Drawing a line: Nasreen Mohamedi

Still from footage of Nasreen Mohamedi in Kihim. Courtesy Mohamedi family.



The author of Art and Emergency: Modernism in Twentieth-Century India, Emilia Terracciano gives an insightful talk about Nasreen Mohamedi’s life and work, and shares unseen footage of Mohamedi during her time in Kihim (Bombay).

A sense of movement and energy permeates the calligraphic compositions of artist Nasreen Mohamedi (1937-1990), whose work features in Everything we do is music.

Born in Karachi and raised in Bombay, Mohamedi produced pen-and-ink drawings that display refinement and evoke a hypnotic feeling of space. Although Mohamedi did not identify with the rubric of Islamic art, she drew on the spiritual function of Sufism and Islamic creative practices as a means of transcendence. Her time-based art forms and processes reveal a performative facet of Islamic artwork that inherently questions the notion of objecthood so prevalent in western art discourse. For this reason, image boundaries in the case of her art practice are fuzzy.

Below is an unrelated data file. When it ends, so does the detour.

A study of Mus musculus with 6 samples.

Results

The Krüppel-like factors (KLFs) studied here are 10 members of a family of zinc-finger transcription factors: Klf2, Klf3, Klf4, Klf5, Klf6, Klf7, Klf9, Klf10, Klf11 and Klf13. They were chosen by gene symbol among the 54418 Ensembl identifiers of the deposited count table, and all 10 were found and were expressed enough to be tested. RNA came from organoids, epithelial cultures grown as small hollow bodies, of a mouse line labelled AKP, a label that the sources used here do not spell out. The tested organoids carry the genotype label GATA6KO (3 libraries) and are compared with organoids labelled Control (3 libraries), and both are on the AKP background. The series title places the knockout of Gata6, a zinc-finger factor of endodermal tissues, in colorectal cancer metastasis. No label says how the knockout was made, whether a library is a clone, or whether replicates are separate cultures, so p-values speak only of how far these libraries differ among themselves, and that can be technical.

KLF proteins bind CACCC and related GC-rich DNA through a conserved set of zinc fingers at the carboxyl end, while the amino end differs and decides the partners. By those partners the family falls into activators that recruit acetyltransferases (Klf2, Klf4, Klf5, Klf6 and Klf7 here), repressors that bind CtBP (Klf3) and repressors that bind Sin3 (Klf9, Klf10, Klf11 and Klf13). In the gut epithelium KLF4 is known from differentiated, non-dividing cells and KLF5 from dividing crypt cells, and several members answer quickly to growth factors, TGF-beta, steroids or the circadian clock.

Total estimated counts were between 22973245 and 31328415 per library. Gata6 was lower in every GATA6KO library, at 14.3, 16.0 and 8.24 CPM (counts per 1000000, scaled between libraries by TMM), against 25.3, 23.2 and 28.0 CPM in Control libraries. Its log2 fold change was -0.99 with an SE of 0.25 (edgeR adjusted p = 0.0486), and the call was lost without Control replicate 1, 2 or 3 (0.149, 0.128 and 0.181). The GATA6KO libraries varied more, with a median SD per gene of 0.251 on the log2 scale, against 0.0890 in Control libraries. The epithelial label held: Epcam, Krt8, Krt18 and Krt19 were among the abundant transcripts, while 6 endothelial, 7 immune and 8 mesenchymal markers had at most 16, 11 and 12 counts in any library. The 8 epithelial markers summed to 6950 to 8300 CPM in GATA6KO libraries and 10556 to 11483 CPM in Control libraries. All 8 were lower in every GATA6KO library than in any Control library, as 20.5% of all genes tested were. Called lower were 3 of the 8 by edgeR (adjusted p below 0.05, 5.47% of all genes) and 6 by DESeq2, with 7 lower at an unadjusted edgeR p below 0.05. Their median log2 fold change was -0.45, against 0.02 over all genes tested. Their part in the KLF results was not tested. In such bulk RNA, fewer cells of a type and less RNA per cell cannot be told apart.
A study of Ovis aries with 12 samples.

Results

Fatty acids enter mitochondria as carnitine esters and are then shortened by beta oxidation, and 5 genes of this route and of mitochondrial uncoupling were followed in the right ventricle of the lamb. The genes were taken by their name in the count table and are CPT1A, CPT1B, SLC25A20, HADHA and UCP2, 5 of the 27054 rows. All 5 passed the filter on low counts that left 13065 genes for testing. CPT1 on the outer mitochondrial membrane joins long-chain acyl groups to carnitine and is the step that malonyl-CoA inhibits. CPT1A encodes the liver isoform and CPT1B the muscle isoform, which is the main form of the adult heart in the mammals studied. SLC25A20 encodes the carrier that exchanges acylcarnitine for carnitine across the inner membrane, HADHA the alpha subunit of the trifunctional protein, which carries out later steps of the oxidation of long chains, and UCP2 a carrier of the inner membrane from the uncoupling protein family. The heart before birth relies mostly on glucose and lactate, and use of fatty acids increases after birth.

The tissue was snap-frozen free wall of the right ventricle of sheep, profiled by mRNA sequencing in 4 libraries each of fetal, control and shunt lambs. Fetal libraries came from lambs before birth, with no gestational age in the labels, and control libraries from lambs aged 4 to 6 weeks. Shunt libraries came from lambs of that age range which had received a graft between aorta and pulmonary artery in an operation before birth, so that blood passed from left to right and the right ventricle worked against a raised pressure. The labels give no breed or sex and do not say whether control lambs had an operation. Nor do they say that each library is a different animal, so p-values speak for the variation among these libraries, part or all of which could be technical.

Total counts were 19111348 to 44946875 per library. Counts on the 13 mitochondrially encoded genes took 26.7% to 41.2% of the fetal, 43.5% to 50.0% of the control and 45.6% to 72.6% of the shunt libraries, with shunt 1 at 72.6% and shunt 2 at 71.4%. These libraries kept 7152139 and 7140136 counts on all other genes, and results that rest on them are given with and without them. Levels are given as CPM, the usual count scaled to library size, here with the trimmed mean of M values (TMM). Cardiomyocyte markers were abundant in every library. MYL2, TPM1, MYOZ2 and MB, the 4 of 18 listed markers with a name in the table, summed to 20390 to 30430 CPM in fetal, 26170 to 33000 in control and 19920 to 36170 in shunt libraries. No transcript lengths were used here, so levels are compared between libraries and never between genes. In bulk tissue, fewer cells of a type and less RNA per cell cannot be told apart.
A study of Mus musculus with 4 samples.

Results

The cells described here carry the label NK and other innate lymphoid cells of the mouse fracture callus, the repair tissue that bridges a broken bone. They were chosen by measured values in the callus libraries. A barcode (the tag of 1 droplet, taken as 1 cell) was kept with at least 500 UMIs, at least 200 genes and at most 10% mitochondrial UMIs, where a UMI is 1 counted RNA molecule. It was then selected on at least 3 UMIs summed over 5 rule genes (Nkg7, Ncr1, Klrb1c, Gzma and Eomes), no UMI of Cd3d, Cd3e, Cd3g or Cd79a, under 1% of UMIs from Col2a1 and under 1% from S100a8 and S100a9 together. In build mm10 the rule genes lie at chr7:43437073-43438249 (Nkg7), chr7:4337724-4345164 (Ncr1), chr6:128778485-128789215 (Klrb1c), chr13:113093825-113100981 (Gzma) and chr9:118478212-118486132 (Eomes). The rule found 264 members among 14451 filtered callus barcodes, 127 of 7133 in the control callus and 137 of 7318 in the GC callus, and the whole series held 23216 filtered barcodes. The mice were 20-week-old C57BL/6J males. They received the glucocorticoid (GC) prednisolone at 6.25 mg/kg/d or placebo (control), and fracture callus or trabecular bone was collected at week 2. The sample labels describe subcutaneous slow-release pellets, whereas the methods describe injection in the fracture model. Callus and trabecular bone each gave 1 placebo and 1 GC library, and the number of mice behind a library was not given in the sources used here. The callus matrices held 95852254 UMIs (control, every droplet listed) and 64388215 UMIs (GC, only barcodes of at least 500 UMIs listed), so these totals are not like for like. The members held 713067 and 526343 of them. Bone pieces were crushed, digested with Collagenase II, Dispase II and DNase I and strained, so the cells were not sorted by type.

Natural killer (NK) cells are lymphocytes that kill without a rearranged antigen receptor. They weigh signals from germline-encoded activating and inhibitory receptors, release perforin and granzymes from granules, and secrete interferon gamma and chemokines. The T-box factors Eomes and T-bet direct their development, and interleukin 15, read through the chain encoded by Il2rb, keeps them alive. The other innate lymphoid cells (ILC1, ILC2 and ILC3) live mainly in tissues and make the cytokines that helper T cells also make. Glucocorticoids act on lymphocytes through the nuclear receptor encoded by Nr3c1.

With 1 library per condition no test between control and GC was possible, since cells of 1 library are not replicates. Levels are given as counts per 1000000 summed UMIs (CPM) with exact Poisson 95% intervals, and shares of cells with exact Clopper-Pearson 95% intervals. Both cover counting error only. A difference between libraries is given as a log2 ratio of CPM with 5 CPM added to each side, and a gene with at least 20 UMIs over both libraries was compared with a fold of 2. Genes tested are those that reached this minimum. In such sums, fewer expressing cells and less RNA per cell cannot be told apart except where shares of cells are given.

This talk explores Mohamedi's use of recording devices and other time-based expressions to think about her career-long engagement with the drawn line across time and space.

Emilia is a Leverhulme Early Career Fellow at the Ruskin School of Art, Oxford University where she co-teaches with Prof Malcolm Bull the BFA year 2 course Photography and Globalisation. In September 2018 she will offer a new MA course titled Globalisation, Art and the Political in South Asia at the Courtauld Institute of Art. Emilia regularly contributes to Frieze, 1000 Words and Caravan. 

FREE, but booking recommended to ensure a place.

Copies of Art and Emergency: Modernism in Twentieth-Century India will be on sale at the special price of £25.

*This event is part of our current exhibition Everything we do is music.

 *A closing celebration of Everything we do is music will follow this event.